Apple vs FBI in quotes - Justice Department cracks shooter's iPhone without Apple's help
Updated 29 March 2016: The US government has dropped its legal case against Apple – because it claims to have accessed the San Bernardino shooter’s iPhone without Apple’s help.
In a court filing, the Justice Department said it had accessed the “data stored on Farook’s iPhone and therefore no longer requires the assistance from Apple,” though it did not specify how it gained this access.
Apple welcomed the news. “This case should never have been brought,” Apple said in a statement.
“This case raised issues which deserve a national conversation about our civil liberties, and our collective security and privacy,” it added. “Apple remains committed to participating in that discussion.”
The developments lend some credence to the theories that this was never about gaining access to a single device, but instead about strong-arming Apple into providing a brute-forcing tool to the FBI, capable of quickly cracking any Apple device.
Podcast: Apple vs FBI analysis
Earlier this month, it was reported that Apple plans to put cloud encryption keys in the hands of its users.
Currently Apple looks after these keys, and so if served with a warrant, it must hand over iCloud access to authorities. By passing on password-protected keys to users, Apple would bolster the physical encryption found on its devices, with access available solely through customers rather than Apple, even if the company wanted to.
Updated 9 March 2016: Edward Snowden has outright dismissed the FBI's claims that only Apple has the technology to unlock the iPhone in question.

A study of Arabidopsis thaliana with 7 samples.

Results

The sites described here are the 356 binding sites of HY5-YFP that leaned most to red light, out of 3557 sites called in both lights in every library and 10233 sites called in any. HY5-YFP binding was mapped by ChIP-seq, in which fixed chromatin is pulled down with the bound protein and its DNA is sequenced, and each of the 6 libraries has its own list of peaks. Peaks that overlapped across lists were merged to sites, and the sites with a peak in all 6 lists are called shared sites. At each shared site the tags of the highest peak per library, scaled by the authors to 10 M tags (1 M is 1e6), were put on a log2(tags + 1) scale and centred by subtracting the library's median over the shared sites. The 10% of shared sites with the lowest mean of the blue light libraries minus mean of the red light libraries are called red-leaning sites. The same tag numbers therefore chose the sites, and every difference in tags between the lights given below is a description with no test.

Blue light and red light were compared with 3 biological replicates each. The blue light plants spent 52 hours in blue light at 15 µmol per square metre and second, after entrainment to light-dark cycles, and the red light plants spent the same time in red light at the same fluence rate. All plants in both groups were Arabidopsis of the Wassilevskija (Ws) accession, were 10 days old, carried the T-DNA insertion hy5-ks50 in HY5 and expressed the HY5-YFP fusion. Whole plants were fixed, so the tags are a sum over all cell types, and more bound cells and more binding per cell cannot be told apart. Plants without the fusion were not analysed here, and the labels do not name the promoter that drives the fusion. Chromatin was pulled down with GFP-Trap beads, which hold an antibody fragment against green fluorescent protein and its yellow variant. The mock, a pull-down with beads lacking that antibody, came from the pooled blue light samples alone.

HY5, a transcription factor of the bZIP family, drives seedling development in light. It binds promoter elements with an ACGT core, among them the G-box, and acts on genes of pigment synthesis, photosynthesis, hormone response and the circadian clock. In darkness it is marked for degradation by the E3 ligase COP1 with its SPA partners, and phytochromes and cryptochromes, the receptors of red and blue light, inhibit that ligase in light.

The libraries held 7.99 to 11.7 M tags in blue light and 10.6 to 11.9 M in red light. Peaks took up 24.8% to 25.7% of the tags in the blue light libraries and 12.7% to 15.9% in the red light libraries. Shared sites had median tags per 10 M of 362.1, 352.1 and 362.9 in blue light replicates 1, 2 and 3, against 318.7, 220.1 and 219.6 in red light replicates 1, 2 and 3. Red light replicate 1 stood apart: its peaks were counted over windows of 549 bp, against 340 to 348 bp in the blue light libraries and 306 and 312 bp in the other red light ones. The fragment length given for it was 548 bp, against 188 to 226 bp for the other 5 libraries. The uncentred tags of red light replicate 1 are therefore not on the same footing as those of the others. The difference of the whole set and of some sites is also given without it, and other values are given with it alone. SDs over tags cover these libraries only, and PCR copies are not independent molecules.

Updated 4 March 2016: Now the UN's high commissioner for human rights, Zeid Ra’ad Al Hussein, has weighed in – urging the FBI to proceed with caution.
Apple is embroiled in a battle over privacy with the FBI that could have wide-reaching repercussions, and now major figures in the technology industry have been pulled into the debate.
The FBI is demanding Apple creates a custom operating system that would make it possible for the policing agency to brute-force itself into an iPhone 5C. This device belonged to Syed Farook, who, along with partner Tashfeen Malik, murdered 14 people in December 2015. See also: Apple’s encryption dilemma explained – does giving the FBI access matter?
The FBI argues that access to Farook’s phone could be useful in understanding who might have been behind the attacks. But Apple argues creating a back door would set a dangerous new precedent for its customers and for privacy.
Google has come out in favour of Apple’s decision and Edward Snowden has described the story as the “most important tech case in a decade”. Many more have weighed in – read on for more.